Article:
PEM E80968 Dragon robe, China (19th century)


The Peabody Essex Museum in Salem, MA USA. E80968.

The Peabody Essex Museum collected a dragon robe (E80968) thought to have been produced for the late Qing dynasty court. Beginning in the seventeenth century, only the emperor, empress, empress dowager and sometimes a high-ranking imperial consort were permitted to wear garments in this ‘bright’ or ‘clear’ shade of yellow, known in Chinese as ming huang [1]. The robe was probably made for a very high-ranking woman at court, if not the Emperor’s wife or mother. The height of the lishui wave border at the hem, in addition to the prominence of the dragons, stylistically place this robe in the middle of the nineteenth century [2].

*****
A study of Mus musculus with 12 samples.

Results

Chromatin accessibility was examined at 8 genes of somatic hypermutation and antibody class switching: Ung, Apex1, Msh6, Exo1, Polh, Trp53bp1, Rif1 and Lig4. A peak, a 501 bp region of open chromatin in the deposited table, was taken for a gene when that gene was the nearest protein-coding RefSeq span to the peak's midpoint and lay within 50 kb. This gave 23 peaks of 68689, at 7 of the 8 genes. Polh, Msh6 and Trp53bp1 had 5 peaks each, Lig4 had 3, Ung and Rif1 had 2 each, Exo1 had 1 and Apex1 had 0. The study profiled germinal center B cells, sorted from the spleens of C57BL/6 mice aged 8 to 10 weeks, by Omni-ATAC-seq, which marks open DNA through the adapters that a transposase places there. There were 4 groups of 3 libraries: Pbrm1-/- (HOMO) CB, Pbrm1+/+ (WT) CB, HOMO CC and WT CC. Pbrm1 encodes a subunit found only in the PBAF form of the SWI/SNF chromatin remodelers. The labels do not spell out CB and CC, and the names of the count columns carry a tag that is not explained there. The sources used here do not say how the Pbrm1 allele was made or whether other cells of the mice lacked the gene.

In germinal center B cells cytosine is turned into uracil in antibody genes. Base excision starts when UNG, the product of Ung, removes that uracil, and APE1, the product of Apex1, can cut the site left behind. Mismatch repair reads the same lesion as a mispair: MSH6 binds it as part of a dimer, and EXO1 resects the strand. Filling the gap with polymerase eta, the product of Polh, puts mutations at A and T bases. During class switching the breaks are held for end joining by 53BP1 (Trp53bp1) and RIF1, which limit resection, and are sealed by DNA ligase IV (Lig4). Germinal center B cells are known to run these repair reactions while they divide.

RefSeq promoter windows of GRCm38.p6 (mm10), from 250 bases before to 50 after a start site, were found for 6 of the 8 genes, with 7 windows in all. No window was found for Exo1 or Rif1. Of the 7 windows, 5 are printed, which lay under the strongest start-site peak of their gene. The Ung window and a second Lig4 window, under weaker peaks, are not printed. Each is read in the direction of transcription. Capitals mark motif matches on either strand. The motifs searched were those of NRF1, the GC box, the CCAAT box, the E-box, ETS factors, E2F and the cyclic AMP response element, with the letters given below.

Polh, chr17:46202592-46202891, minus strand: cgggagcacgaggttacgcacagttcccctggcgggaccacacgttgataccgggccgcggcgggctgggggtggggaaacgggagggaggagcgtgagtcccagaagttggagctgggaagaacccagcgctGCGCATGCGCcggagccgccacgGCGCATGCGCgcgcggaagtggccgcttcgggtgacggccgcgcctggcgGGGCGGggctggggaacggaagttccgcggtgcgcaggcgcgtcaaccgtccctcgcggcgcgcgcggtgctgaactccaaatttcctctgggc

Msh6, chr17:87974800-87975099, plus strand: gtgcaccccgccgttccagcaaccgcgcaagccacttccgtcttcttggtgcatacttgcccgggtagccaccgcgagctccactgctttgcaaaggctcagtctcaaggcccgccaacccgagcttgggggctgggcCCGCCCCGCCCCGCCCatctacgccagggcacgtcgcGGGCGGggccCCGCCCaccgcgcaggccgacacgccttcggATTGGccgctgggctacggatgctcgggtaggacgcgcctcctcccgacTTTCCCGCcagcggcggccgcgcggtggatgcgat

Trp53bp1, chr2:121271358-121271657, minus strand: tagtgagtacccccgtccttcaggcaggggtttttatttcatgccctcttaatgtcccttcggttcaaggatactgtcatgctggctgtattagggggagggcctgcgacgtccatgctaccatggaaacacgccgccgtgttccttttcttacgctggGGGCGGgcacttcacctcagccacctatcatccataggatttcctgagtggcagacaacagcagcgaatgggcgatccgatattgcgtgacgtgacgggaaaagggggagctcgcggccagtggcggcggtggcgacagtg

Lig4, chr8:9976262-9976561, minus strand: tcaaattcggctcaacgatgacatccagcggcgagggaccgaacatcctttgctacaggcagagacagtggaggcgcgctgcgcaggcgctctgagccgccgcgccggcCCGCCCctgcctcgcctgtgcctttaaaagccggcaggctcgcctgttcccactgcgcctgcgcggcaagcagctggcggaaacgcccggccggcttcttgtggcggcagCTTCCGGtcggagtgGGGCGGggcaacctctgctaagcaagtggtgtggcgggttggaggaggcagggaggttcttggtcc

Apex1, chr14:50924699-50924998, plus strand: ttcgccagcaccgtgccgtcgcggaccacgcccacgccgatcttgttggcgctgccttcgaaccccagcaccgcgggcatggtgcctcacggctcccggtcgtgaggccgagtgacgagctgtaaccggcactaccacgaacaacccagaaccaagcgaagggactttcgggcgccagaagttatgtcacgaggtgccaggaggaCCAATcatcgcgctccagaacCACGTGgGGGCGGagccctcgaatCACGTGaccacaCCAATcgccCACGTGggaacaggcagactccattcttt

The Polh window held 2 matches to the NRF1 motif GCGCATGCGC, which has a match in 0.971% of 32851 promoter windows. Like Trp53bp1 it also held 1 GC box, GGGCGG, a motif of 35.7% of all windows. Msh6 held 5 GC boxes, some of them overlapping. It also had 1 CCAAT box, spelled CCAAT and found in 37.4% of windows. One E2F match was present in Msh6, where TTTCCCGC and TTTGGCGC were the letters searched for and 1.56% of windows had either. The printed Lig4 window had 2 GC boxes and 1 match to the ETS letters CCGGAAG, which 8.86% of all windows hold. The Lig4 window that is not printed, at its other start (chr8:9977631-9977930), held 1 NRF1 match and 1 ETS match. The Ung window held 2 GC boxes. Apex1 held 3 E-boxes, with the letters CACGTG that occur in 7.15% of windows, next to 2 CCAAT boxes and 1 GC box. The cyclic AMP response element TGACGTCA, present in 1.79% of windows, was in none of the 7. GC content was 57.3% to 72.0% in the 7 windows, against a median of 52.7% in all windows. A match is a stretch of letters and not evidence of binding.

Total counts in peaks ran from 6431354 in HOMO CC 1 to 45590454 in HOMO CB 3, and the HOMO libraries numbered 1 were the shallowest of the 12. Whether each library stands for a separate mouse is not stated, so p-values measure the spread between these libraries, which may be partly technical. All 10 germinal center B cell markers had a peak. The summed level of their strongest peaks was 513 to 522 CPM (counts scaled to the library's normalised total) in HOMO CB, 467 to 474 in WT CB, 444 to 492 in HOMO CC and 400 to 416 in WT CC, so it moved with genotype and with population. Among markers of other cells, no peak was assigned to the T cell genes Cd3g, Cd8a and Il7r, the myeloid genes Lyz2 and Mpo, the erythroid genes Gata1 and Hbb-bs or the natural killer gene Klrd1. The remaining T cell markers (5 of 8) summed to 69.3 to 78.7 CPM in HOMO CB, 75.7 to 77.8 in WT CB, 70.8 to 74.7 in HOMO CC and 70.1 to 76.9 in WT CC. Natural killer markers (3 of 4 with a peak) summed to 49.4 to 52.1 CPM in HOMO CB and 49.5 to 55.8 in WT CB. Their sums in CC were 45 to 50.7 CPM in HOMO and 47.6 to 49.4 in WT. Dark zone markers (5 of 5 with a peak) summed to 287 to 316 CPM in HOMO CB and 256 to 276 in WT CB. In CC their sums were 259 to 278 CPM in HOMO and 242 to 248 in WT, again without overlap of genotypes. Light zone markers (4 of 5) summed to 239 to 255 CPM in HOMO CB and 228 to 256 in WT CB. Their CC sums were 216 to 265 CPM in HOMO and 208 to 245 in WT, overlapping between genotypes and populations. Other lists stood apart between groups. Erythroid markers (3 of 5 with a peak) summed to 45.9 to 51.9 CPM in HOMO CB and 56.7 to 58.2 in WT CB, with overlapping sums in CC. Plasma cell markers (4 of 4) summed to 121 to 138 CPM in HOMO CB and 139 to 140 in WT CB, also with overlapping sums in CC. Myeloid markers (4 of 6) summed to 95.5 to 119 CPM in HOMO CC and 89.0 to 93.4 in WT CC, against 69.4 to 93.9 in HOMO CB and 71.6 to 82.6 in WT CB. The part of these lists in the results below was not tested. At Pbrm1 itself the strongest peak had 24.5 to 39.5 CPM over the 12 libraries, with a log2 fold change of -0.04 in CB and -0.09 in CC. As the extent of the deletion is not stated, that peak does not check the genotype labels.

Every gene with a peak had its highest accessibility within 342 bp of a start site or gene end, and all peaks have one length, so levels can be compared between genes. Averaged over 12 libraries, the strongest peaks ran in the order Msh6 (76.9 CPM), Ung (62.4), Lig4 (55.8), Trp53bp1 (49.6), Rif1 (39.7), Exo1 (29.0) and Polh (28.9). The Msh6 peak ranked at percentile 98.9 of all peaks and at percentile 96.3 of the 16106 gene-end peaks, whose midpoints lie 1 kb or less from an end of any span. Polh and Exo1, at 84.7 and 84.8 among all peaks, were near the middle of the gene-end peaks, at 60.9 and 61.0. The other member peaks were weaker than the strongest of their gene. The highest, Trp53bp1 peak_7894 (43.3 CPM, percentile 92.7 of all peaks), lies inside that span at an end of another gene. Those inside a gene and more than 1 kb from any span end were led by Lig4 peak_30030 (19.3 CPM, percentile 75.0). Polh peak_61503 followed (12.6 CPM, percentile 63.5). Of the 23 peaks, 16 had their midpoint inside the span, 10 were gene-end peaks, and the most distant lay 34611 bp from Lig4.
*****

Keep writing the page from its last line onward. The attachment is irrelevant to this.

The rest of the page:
Imperial dragon robe. © The Peabody Essex Museum in Salem, MA USA.

Summary of results

One yellow thread from the collar seam was removed for dye analysis

Yellow thread from the collar seam was samples and analyzed. The major components of the plant are flavonoids: rutin, keampferol and quecetin glycosides. The dyeing source was probably pagoda tree buds. [2]

HPLC profile

HPLC-DAD profile, extract from the robe, Absorbance at 350nm (mAU) by X. Zhang

References

[1] Gary Dickinson, and Linda Wrigglesworth, Imperial Wardrobe, Bamboo Press, London, (1990) 199.

[2] Xian Zhang,Karina Corrigan, Bruce MacLaren, Mimi Leveque, and Richard A. Laursen, Characterization of Yellow Dyes in Nineteenth Century Chinese Textiles. Studies in Conservation 52, 211-220 (2007).